Volume 113: debated on Monday 30 March 1987


[pursuant to his reply, 25 March 1987, c. 213]: The available information is as follows. These figures represent the estimated direct revenue effects of the reliefs on tax liabilities in 1987–88, taking the level of contributions that arise given the existence of the reliefs. The figures cannot therefore be interpreted as indicating the tax yield which might result from a change in the tax rules, as no account has been taken of changes in levels and methods of provision for retirement that might occur following such changes.

Estimated direct revenue cost 1987–88 (£ million)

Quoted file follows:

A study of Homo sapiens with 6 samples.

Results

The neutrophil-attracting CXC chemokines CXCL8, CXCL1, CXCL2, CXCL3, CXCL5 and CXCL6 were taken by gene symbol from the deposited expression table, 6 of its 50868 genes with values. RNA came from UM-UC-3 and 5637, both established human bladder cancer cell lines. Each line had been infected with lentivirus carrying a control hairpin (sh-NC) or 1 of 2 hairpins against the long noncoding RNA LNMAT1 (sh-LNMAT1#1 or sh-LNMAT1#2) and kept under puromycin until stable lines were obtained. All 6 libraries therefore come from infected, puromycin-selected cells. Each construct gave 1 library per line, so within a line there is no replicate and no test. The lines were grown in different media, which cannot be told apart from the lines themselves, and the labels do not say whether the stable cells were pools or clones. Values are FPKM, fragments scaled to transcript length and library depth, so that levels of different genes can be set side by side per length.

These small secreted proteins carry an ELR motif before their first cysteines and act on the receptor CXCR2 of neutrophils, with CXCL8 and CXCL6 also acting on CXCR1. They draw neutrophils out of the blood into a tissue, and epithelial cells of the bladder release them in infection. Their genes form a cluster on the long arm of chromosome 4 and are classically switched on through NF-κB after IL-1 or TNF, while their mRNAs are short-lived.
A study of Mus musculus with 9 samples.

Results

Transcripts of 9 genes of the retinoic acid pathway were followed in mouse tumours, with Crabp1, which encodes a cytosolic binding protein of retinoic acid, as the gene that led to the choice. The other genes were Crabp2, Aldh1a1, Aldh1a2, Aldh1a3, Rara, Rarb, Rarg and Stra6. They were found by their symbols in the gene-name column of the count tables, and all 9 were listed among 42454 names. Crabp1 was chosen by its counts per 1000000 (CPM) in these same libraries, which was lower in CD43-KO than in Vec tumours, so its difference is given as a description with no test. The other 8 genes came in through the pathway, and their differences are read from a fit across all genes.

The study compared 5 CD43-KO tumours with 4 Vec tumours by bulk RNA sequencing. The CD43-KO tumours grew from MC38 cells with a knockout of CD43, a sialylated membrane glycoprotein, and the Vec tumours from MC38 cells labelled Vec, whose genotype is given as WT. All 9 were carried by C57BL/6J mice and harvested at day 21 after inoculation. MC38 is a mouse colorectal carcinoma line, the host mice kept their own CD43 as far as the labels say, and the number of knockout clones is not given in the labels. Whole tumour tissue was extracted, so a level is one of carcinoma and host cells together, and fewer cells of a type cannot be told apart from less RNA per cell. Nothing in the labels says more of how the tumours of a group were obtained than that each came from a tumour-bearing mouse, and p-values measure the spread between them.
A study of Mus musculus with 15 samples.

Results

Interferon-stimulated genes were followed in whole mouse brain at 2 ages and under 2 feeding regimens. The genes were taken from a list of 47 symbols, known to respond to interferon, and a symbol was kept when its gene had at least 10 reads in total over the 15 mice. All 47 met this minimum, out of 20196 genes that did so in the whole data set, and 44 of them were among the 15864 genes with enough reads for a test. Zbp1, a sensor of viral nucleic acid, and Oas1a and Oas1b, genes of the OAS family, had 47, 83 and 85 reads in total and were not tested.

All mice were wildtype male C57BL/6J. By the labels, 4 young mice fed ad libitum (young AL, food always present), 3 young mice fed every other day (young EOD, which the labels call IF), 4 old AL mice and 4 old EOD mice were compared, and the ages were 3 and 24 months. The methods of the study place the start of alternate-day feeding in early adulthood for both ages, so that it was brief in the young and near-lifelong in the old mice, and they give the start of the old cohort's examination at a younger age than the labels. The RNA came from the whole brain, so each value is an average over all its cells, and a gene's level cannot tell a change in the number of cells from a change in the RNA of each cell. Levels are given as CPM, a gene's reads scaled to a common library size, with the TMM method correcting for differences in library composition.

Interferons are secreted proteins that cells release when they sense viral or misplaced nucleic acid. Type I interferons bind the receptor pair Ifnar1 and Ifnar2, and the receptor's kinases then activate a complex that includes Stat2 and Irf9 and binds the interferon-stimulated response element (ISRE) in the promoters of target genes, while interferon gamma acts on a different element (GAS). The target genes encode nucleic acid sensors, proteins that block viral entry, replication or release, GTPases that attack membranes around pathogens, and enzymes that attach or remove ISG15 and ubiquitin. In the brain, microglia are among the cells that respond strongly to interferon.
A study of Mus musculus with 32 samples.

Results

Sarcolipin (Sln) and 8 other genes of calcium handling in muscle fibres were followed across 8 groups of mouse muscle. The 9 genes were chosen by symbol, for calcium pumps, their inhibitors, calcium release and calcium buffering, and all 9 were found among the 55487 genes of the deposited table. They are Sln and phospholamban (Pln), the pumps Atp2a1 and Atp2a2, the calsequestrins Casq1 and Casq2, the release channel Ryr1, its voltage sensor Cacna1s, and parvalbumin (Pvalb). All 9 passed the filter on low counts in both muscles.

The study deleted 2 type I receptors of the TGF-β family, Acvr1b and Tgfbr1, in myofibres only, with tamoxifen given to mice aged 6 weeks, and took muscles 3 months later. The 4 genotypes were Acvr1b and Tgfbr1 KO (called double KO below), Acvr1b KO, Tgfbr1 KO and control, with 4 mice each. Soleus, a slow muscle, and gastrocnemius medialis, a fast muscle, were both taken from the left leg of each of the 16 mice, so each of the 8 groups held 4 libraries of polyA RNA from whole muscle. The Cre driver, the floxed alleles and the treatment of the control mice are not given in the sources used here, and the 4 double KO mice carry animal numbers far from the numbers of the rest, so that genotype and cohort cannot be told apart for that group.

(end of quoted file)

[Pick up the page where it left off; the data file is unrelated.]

Life assurance premium relief510
Retirement annuity premium relief410
Employees' contributions to occupational pension schemes allowed as a deduction for income tax purposes1350
Employers' contributions to occupational pension schemes not treated as taxable benefits in kind in the hands of the employees2,300
Relief on investment income of occupational pension funds (assuming relief at the basic rate)4,000


Costs of reliefs for pension contributions and investment income of pension funds cannot be aggregated as this would involve a degree of multiple taxation. No offsetting reductions are made to allow for tax liability arising on pensions paid out.

The above figures all represent income tax costs. I regret that no estimate is available of the cost of exempting capital gains derived by occupational pension schemes or by life offices as part of their pension business.